A blog without any images can be likened to a blank restaurant: completely uninviting and barren. Even if though the greatest meal can bring people coming back to a boring place, many won’t even stop in if they’re unimpressed from the get-go. Atmosphere is just as important as the meat, and the same is true for websites.
There are several reasons to include images on your blog:
- It adds interesting, relevant value and breaks up walls of text
- It engages the reader and holds their attention even before reading a word
- It maintains interest as the reader continues to read through the post
- It illustrates and enhances points made within the text
- It makes the piece more memorable, and it can establish personality
These days, it’s even more important because of new RSS readers and Facebook updates that include post images in the link. Now traffic sent to your website is dependent upon the images you’ve used in a post. With that in mind, here are five essential ways to find and use images for your blog.
1. Royalty-Free Images
If there’s only one issue with royalty-free images, it’s the likelihood that someone else has used it before — possibly too much. The more affordable a photo, the more likely someone is going to use it, and your ultimate goal is to stand out.
That doesn’t mean royalty-free isn’t a good avenue to pursue, however; it just means you’ll have to be a little more savvy in your search. If you find a good picture, check its download stats or whether the same artist uses a similar picture that is less popular.
2. Public Domain Images
In the same vein, you can opt to use public domain images. If so, government agencies make a great starting point. Works that are made by a government employee cannot be protected by copyright, which is why government agencies like NASA offer many public domains but high-quality images. This doesn’t always apply in every country, but it’s still the best place to begin.
3. Your Own Images
It may take some additional setup, but the easiest way to get unique images is to just make them on your own. Whether you’re a graphic designer, a photographer or just someone with last generation’s camera phone, you’re capable of publishing your own work and introducing your own personality to the blog that isn’t found anywhere else on the Internet.
If you choose this route, realize you must perform a few extra steps if you want to publish pictures with someone else or of certain public venues. You’ll need to dig a bit deeper on photography law here.
An excellent free resource, Flickr houses billions of photos to use on your website. Not all Flickr images are created equal, however; some have their restrictions, such as prohibiting posting to another website. Images on Flickr are either listed as Copyrighted or under Creative Commons.
You can check the licensing symbol on any Flickr image. If it has the C symbol within a circle, it’s a copyrighted image that can’t be used. If you’re really interested in using a copyrighted image, you could always attempt to reach out and contact the photographer about being able to use the photo for your blog. Just remember that as the copyright owner, the photographer can always refuse.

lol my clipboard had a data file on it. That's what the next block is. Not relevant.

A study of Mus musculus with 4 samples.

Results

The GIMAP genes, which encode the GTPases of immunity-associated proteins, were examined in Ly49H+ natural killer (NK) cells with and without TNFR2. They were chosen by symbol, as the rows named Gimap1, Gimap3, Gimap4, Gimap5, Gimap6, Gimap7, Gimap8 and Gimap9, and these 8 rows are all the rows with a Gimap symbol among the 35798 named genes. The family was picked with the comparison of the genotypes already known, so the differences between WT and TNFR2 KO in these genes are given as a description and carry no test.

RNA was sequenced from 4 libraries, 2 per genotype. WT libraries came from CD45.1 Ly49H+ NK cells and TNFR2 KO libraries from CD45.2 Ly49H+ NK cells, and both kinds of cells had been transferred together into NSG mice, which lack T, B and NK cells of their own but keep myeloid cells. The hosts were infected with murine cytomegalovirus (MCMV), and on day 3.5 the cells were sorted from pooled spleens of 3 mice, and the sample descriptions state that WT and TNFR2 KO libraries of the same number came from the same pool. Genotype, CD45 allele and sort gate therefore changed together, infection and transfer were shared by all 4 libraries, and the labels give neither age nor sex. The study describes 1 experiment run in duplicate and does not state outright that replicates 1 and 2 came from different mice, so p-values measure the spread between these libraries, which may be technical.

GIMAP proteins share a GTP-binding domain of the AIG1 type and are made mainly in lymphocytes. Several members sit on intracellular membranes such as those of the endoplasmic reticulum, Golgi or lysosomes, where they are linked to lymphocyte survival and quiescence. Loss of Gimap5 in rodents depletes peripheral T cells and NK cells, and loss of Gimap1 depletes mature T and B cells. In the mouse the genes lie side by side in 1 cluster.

5. Working with Images
After you’ve found the right images for your blog, you’ll need to do a little bit more preparation to make it ready for your blog. For starters, you’ll have to consider image attribution as required by the Creative Commons License for the image, if applicable, as well as search engine optimization.
Depending on the policy of the image, you may need the following:
- Link the name of the photographer to the original photo page
- Link to the name and website of the photographer as well as a link to the site where it was found
- No attribution at all
Aside from attribution, you’ll gain much more from the images if you set them up for search engines. That means considering search engine optimization practices like the following:
- Using a chosen keyword in the image name
- Including the keyword in the alt tags after uploading the image
- Setting the image name as the product name and using the product name in the alt text for an e-commerce site; this will give it a better chance of showing up in a search using Google Images.
- Adding useful and relevant descriptions of the image, keeping it limited to 150 characters for the greatest accessibility; this is especially easy on WordPress websites.
- Setting the resolution of the article as recommended by Google
At the same time, it’s best to consider the impact images have on how quickly pages load; keep the picture as big as it needs to be — consider what the best pictures on Pinterest look like. This is a simple enough task.
Editing an image can make any photo look great. If the photo you’re using allows modifications, then you’ll be able to include your own branding and similar editing to the photo. If it doesn’t allow modifications, then you won’t be able to complete this step.
Bonus: Don’t Overdo It, Either
Using images makes an excellent way to improve the appearance and usability of a website, as well as complement the content you’re already adding to it on a regular basis.
On the other hand, you also need to make sure you aren’t overloading the reader with too many images — there is such a thing. Make sure the images you use are relevant to your content and only serve to enhance information or illustrate your work rather than take away from it.